Quick Facts

  • Hurricane Ridge Visitor Center has exhibits, orientation movie and restrooms.
  • A massive landslide isolated Lake Crescent from Lake Sutherland approximately 7,000 years ago. There are two uniquely adapted populations, the Crescenti and Beardslee trout, that resulted from genetic isolation following this event.
  • Ediz Hook was created by wind and tidal action that carried sediment from the delta of the Elwha River to Port Angeles, creating a sheltered natural harbor.


Tucked in the rain shadow of the Olympic Mountains, Port Angeles is the epicenter for the Olympic Peninsula with visitors arriving from near and far to experience a magical vacation. As the gateway to the Olympic National Park, this seaside-meets-mountain town has nuggets of history, hints of fame, bewitching beauty, and adventure waiting to be discovered.

Port Angeles sits at the entrance to one of the nation’s most diverse National Parks and the only World Heritage Site in the Northwest. Olympic National Park has nearly 1 million acres for year-round exploring, plus dozens of more outdoor adventures outside of the park. Hiking, biking and beachcombing are just the beginning.


The most easily accessed mountain area within Olympic National Park, Hurricane Ridge has fantastic views in clear weather. There are a number of hiking trails, from ridgetop traverses to steep trails that descend to subalpine lakes and valleys. Obstruction Point Road branches off right before the Hurricane Ridge Visitor Center, and provides access to a variety of trails as well. Hurricane Ridge is located 17 miles south of Port Angeles on Hurricane Ridge Road, off Mount Angeles Road.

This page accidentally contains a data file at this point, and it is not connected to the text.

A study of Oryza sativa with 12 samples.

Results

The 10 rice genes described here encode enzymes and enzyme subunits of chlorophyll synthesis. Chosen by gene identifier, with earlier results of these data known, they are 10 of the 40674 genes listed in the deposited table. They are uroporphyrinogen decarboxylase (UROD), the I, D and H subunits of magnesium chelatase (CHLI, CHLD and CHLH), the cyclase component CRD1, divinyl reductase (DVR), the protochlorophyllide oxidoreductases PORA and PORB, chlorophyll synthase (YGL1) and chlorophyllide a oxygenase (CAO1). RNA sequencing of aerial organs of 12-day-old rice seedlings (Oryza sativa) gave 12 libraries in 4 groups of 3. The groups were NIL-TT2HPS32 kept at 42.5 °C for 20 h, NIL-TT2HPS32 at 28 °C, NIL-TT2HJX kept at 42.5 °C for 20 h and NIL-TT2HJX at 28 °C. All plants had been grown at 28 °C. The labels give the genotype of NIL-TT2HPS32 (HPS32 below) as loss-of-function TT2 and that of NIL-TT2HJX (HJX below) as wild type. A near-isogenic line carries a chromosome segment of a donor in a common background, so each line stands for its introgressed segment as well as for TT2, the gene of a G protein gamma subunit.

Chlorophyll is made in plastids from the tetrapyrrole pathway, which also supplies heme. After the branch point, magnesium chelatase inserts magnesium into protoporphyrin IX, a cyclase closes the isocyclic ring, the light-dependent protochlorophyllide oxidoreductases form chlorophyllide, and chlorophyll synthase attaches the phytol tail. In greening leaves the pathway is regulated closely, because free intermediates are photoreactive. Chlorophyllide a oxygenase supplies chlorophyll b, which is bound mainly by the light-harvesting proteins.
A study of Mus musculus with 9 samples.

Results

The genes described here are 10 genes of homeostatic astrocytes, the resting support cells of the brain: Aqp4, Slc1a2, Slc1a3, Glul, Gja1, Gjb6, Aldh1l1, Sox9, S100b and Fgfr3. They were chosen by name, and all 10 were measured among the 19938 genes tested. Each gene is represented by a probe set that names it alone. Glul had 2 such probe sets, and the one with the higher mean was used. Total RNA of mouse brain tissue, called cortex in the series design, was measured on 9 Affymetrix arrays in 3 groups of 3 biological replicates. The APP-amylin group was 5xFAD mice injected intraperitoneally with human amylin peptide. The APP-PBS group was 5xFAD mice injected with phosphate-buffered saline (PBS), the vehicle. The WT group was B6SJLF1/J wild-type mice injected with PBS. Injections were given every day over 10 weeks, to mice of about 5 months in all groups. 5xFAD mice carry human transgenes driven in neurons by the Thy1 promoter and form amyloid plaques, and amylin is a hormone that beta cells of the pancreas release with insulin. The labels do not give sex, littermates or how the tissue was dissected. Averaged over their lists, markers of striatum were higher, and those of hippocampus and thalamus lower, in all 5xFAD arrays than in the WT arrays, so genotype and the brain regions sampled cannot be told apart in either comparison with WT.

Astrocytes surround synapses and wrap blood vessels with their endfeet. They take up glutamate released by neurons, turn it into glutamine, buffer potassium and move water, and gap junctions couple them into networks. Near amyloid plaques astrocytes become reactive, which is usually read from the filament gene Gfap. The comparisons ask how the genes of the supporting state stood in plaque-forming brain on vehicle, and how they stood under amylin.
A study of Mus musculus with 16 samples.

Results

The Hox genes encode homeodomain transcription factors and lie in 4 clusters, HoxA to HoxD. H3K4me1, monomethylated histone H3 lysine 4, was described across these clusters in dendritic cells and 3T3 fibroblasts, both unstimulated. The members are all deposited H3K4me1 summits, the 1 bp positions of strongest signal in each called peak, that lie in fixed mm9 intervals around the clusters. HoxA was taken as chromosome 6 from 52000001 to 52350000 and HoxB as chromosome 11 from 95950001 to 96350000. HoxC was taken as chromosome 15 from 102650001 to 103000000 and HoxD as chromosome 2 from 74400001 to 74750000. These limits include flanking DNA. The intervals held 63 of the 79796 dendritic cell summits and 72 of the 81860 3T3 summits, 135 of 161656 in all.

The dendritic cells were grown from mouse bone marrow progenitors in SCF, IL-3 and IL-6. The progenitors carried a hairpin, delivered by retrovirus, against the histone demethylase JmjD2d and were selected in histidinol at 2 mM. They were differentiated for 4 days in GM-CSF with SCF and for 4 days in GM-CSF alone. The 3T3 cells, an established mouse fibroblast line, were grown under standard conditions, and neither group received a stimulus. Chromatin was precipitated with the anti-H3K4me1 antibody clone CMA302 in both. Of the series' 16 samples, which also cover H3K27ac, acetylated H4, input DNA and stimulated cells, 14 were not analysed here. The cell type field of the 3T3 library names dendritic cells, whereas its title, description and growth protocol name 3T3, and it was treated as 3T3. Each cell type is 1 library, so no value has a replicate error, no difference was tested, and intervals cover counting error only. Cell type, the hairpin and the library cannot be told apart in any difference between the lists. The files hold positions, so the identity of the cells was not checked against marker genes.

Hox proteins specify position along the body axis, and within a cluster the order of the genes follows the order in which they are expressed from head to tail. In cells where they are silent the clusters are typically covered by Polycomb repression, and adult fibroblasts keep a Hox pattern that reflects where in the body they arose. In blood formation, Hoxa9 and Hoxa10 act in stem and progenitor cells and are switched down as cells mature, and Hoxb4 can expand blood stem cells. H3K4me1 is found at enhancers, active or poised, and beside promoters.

Lake Crescent is a cold, clear glacially-carved lake nestled in the northern foothills of the Olympic Mountains, about 18 miles west of Port Angeles. The pristine waters of this deep, lake make it an ideal destination for those in search of natural beauty. The lake's waters have very little nitrogen which limits the growth of phytoplankton the normally float in lake waters. Without phytoplankton, the water stays clear, and in some places you might see as far down as 60 feet below the surface. The lake's protected waters are home to fish like the Beardslee and Crescenti trout, two types of fish found nowhere else in the world.

Lake Crescent has several hiking trails, some of which climb the surrounding mountains, and others that explore the lowland forests and creeks. The hike to Marymere Falls by way of the Barnes Creek trail, is a favorite, as is the Spruce Railroad trail that runs along the north shore. Many people enjoy going out onto the water during the summer and fall. Boat launches are located at both east and west ends of the lake. Rowboats are available for rental from Lake Crescent Lodge. Whether it's kayaking, sailing, or simply relaxing on the beaches and shores, Lake Crescent is a great place to visit.


The area has mountain biking trails ranging from beginner to very difficult. The Olympic Discovery Trail has an “Adventure Trail” route offshoot with 25-miles of single and double track trails. More miles of trails are in the works. The Dry Hill Trail offers about 6 miles of challenging downhill if you’re willing to climb for it. Both sections of trail are dog-friendly since they’re not located within the Olympic National Park boundary.